I had to think about this one. Does an Irish-Norwegian singer-songwriter with a very Irish name, born and raised in Berlin, qualify for a Nordic music publication?
Eventually I decided yes, based on the quality of the vocal on ‘Crow’, which is one of 13 tracks on the album ‘Værmin’ (which means vermin, an unusual title), which will be released on 28th January and which is her second full-length.
All the tracks concern different examples of ‘vermin’ including worms and leeches and I must admit I didn’t know some of them are. I had to resort to checking them off one by one like examples of ‘irony’ in Alanis Morissette’s song ‘Ironic’, some of which aren’t. At least a crow is considered vermin, for sure.
The album hangs on a tragic love story, replete with symbolism and nuances and I assume the different ‘vermin’ are characters in that story or perhaps chapters. Very Kate Bush.
I don’t know what it is about Irish singers. From Dana to Clodagh Rodgers to Dolores O’Riordan they could charm the pants off a snake and Tara Nome Doyle continues the tradition. It’s as much a ‘come to bed voice’ as ‘come to bed eyes’.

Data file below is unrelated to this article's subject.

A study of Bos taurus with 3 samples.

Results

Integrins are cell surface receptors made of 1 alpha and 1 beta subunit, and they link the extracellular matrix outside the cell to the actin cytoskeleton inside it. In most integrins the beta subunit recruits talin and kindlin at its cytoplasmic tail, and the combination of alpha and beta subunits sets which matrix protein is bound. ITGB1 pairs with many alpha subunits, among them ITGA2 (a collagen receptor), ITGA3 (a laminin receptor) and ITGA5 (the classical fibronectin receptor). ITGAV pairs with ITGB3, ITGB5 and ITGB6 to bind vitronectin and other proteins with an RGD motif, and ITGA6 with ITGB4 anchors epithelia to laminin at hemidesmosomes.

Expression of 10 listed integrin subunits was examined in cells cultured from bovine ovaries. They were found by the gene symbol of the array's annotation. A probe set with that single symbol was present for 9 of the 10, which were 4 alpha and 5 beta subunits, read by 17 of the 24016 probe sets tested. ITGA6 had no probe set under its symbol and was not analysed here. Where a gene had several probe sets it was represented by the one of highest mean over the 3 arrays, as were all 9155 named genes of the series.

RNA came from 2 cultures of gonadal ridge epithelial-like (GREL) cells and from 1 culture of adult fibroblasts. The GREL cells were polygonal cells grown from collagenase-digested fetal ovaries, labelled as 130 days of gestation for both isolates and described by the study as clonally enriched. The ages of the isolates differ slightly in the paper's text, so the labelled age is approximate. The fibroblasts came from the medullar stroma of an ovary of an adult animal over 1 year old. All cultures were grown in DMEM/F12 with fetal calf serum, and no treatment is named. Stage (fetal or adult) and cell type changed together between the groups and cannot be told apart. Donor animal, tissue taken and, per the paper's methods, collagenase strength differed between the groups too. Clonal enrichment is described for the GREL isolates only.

To be fair to Tara it is probably unfair to review this single track in isolation as this is clearly quite a deep and involved concept album which needs to considered holistically. But as the album is still almost two months away I can’t avoid it.
She knows how to build atmosphere in a song, and effortlessly. An analogy I often use is with the opening credits song for the Canadian TV cop series Cardinal and which was Denmark’s Agnes Obel’s ‘Familiar’. It is as effortless as that.
The only little problems I have, are, ironically, connected to that otherwise impressive, sensuous vocal. Firstly, is she singing too high at times, unnecessarily so? I’m no voice coach but she seemed to struggle a little on the final word in a couple of lines early on. Perhaps it’s my imagination – you can decide for yourself. Secondly, she seems to use a vocoder or other device that distorts her voice a little but it has the effect of turning ‘s’ into ‘sh’ like Sean Connery used to say, “My name is Bond; Jamesh Bond”. I don’t understand why those effects are needed. Perhaps it is something to do with the full album as its story evolves.
Overall, it’s an attractive, attention-grabbing song which has got me interested in the album and that story. I already get the impression it’s like a Bronte or Austen novel set to music.
On social media she says she took a lot of inspiration from Shakespeare’s ‘Romeo and Juliet’, in which the Bard used quite a bit of bird-imagery.